Since the announcement of “A New Approach to China” by David Drummond (Senior Vice President, Corporate Development and Chief Legal Officer of Google Inc) on January 12, 2010, the incident is not merely a commercial one, but is upgraded as a whistle for a “Cyber War” in a fortnight!
Apart from the possible “Cyber War”, it also ignites again the crisis of the diplomatic relationship between China and the USA just within two weeks. It is interesting to note that USA is making this incident more juicy and spicy while China remains silent!
When Hilary Clinton, US Secretary of State made an announcement of the same during her official visit at South Pacific on January 21, 2010, it indicates that the trust on cyber territories between China and the USA is collapsing. Furthermore, it is developed into a “Presidential level” when Barack Obama expressed that he is “troubled” about Google-China is being “cyber attacked” and he “wants answers”!
Even the Office of the United States Trade Representative (美國貿易處) is considering to lodge a complaint to World Trade Organization (“WTO”) about China’s intervening the cyber limitation which is violating the international trading ordinances.
One of the major differences in their approaches is, possibly that there is a huge variation on the definition of “cyber privacy concept” between China and the USA.
There are many USA enterprises which are establishing their offices in China, for instance, the garment industry, the luxury brands and the pharmaceutical products. If Google-China is to withdraw from the territory, it may be a “green light” for other corporations as these industries require a high degree of intellectual property rights (“IP rights”).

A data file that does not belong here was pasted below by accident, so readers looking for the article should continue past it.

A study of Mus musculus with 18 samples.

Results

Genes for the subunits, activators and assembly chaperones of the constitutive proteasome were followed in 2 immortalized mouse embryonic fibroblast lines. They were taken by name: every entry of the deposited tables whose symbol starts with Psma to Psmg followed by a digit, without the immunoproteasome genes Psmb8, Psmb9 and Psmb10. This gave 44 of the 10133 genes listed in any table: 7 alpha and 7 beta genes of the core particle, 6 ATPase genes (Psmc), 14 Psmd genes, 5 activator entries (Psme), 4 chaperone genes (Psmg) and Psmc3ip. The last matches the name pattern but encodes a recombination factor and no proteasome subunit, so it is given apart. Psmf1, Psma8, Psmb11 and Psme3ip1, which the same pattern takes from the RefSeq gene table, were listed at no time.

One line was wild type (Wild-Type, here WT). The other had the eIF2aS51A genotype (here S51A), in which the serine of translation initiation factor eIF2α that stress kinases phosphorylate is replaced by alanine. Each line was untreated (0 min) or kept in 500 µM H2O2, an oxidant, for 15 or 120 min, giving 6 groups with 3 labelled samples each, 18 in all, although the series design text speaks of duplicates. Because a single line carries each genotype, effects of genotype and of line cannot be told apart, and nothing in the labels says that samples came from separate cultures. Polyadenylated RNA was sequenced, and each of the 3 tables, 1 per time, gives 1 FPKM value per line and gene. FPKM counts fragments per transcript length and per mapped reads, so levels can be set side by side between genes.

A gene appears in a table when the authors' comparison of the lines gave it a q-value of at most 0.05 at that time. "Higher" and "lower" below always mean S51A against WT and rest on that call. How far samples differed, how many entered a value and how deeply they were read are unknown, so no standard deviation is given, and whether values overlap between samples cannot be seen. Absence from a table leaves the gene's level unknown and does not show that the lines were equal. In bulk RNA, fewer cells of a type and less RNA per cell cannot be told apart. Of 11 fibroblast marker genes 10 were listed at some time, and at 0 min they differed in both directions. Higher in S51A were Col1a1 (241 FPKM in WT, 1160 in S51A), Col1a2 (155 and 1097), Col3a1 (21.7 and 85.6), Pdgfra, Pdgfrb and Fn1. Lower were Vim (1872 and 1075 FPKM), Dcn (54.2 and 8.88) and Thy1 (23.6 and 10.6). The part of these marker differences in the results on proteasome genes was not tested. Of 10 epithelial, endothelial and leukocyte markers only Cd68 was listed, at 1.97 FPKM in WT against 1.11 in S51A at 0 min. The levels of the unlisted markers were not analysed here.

Comparing with other hot issues like human rights, Tibet, sale of military weapon to Taiwan etc., this particular “cyberattack” seems playing a more essential role for USA enterprises to leave China. As a majority of Chinese are concerned about their “face” issues, the USA could take this incident as a “stepping from the stage”, i.e. to provide a good chance for those corporations to leave China in a graceful manner.
Furthermore, as quoted from an article “In Digital Combat, US finds no easy Deterrent” of New York Times on 25 January 2010,
“ … After that, the trail disappeared into a cloud of angry Chinese government denials, and then an ugly exchange of accusations between Washington and Beijing. That continued Monday, with Chinese assertions that critics were trying to “denigrate China” and that the United States was pursuing “hegemonic domination” in cyberspace. These recent events demonstrate how quickly the nation’s escalating cyberbattles have outpaced the rush to find a deterrent, something equivalent to the cold-war-era strategy of threatening nuclear retaliation. …”
You may see the original article here.
Dramatically, Barack Obama has announced their coming decision of the sale of military weapon to Taiwan in a high profile, which is after the last sale from President George Bush in 2008. At the same time, with the recent state-visit of Taiwan President Ma Ying-Jeou to Central America, the diplomatic relationship among China, Taiwan and the USA will draw more attention from the world-stage.